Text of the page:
De Blasio easily wins New York City's mayor race; Chinese voters show up at polls

Updated: 2013-11-07 09:26

By AMY HE in New York (China Daily USA)


Democrat Bill de Blasio easily defeated Republican Joe Lhota on Tuesday with a projected 62 percent of the vote to become New York City's first new mayor in 12 years.

In his concession speech, Republican opponent Joe Lhota urged his supporters to back de Blasio in solving New York's problems.

De Blasio's victory was expected as polls showed him leading Lhota, the former head of the city's bus and subway transportation department, by 45 points last week. De Blasio, the city's former public advocate, will be the first Democratic mayor of the nation's largest city since 1989. He succeeds Michael Bloomberg, the billionaire who held the job for 12 years.

De Blasio's campaign centered on what he called "a tale of two cities" theme: the wealthy and those living at or near the poverty level. He decried what he said was income inequality, called for increasing taxes on the rich to improve the city's school system and expanding affordable housing.

The New York Times, which endorsed de Blasio's candidacy, said his campaign resonated with voters. "Nearly half of likely voters said Mr de Blasio's greatest strength was his ability to understand the needs and problems of people like them," a Times' story said last week.

Meanwhile, Chinese American Margaret Chin was uncontested in her re-election as the District 1 representative to the New York City Council. Chin, a Democrat, was elected in 2009 to represent Chinatown in Lower Manhattan. Her campaign this year called for creating affordable housing in the Seward Park area near Chinatown, as well as more funding for public parks and plazas.

In her first term, Chin spearheaded the creation of a Business Improvement District in Chinatown, which takes fees from businesses for extra sanitation efforts.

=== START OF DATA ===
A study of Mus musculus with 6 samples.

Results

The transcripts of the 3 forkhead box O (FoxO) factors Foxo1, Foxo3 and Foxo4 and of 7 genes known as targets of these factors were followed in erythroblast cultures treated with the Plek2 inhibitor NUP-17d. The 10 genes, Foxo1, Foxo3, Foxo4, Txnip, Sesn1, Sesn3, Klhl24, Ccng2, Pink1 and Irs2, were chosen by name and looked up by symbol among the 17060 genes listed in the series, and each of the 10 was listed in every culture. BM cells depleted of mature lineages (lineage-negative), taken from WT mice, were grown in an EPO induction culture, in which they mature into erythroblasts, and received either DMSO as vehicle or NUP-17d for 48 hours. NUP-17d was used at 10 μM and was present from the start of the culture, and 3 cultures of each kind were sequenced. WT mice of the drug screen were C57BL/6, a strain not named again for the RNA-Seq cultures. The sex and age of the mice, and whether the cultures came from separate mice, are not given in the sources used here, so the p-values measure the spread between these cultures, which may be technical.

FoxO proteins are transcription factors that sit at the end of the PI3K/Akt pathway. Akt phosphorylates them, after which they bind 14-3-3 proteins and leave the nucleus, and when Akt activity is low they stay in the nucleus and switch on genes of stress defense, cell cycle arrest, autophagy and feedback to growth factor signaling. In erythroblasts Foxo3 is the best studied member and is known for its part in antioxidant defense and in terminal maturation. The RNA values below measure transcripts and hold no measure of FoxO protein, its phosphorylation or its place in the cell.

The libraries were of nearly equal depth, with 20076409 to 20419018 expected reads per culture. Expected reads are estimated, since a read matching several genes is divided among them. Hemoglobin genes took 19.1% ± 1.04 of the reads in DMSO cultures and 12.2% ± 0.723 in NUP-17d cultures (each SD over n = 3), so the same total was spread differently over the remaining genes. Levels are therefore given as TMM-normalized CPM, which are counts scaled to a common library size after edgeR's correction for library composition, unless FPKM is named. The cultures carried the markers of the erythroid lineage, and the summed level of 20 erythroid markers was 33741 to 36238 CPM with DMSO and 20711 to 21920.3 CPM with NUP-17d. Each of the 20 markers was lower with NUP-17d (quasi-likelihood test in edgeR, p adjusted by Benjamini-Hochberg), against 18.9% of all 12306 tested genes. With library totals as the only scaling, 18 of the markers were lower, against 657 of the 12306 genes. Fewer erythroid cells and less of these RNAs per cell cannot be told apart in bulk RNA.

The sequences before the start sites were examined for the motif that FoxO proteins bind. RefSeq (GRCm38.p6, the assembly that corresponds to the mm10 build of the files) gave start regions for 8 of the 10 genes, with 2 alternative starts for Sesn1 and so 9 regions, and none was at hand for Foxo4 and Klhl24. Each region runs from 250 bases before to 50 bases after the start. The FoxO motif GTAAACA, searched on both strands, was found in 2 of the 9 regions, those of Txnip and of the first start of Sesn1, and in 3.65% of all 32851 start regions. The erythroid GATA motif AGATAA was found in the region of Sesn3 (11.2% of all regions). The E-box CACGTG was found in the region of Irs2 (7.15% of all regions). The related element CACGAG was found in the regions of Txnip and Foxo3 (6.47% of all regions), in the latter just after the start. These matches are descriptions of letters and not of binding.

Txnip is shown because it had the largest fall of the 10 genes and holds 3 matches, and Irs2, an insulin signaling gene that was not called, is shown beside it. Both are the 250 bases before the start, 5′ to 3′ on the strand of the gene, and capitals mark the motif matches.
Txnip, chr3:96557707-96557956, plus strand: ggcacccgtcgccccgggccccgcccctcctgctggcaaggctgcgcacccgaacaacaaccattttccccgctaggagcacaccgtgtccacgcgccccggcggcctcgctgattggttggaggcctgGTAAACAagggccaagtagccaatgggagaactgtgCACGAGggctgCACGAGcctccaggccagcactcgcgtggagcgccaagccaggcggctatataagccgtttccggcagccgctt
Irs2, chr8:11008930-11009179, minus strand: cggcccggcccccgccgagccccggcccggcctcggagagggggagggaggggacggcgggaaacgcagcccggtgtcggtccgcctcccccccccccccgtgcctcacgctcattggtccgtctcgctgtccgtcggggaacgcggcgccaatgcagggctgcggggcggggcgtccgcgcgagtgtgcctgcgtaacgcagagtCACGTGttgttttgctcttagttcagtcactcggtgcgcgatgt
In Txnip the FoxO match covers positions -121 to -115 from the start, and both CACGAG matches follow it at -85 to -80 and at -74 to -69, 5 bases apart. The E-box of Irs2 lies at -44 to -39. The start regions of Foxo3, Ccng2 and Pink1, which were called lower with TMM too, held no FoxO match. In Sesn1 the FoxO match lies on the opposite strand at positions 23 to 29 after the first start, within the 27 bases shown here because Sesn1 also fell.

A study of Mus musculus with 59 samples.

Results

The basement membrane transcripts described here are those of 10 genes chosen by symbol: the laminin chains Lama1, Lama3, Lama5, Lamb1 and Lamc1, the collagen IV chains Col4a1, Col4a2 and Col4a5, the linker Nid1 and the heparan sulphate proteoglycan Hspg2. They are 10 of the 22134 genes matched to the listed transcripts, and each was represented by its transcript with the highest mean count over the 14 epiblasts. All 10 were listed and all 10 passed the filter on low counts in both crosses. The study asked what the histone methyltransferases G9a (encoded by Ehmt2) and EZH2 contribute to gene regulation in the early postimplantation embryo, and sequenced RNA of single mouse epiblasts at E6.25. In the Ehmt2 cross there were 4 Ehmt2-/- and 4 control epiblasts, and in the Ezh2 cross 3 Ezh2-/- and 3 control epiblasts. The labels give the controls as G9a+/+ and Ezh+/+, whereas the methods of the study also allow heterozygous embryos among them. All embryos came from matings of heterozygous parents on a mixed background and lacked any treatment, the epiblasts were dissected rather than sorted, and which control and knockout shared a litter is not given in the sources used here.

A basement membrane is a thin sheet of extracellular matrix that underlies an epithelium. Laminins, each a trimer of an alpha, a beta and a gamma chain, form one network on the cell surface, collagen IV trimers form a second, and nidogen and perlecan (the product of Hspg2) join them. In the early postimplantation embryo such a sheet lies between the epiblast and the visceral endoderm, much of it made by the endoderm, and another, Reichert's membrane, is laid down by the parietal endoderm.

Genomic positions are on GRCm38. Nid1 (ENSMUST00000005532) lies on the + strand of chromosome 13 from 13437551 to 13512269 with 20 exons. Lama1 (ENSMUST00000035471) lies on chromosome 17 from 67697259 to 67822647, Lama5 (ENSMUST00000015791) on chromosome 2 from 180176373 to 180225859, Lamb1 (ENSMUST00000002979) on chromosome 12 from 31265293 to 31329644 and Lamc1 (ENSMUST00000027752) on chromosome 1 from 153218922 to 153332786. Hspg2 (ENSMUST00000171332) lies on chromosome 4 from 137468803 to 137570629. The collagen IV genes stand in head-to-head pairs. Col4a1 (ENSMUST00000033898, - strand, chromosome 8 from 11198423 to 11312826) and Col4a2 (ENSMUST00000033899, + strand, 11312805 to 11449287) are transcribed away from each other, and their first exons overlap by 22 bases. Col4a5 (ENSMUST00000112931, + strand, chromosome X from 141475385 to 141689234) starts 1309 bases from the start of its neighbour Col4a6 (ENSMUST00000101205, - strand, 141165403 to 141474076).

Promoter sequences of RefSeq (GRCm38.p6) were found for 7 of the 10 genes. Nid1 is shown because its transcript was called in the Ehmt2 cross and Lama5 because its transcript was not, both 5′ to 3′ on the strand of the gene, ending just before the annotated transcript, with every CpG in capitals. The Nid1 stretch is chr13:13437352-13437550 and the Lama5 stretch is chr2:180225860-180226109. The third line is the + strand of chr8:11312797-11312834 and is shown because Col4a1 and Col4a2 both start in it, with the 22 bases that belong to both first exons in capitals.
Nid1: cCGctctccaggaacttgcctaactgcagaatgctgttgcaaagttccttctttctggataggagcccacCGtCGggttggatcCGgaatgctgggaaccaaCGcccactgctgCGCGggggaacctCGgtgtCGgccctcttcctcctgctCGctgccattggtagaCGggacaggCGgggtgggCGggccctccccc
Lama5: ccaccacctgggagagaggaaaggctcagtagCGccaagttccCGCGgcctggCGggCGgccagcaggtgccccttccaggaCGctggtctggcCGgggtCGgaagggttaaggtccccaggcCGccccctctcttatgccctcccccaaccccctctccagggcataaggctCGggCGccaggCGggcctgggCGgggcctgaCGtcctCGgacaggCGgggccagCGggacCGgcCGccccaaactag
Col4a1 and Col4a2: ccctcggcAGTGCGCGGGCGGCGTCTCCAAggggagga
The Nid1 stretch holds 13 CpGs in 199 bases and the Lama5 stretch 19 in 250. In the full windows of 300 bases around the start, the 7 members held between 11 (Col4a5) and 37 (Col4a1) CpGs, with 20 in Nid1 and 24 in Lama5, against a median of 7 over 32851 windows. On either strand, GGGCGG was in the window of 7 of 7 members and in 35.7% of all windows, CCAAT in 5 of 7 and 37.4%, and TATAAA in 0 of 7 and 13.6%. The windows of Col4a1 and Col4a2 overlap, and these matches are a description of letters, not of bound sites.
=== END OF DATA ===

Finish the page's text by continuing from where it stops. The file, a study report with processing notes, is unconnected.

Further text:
On Election Day morning, Chin greeted residents at Confucius Plaza, a housing cooperative and a voting site in Manhattan's Chinatown, encouraging them to vote.

"In New York City and the United States, democracy is about participation. For the Chinese community, if we want our voices to be heard, we have to come out and vote," Chin told China Daily.

Voter turnout for the Chinese community is often low, which Chin said she attributes to a number of factors. It takes a long time to become a citizen with the right to vote, she said, and Election Day being on a workday makes it difficult for people to vote unless they submit absentee ballots. Chin said her campaign encouraged voters to send in absentee ballots if they could not make it to the polls.

Chin said that having Chinese American John Liu as candidate for the mayoral race earlier in the year helped drive the Chinese vote, but she added that the community should be voting regardless. "What we want to encourage our community [to do] is that it doesn't matter if there's a Chinese candidate or not," she said. "Every time there's an election, you go out and vote, because every vote counts and that's important."

Lester Chang, a coordinator at the Confucius Plaza polling site, estimated that about 1,200 people would vote there, compared to the 1,400 he said voted in the presidential election last year.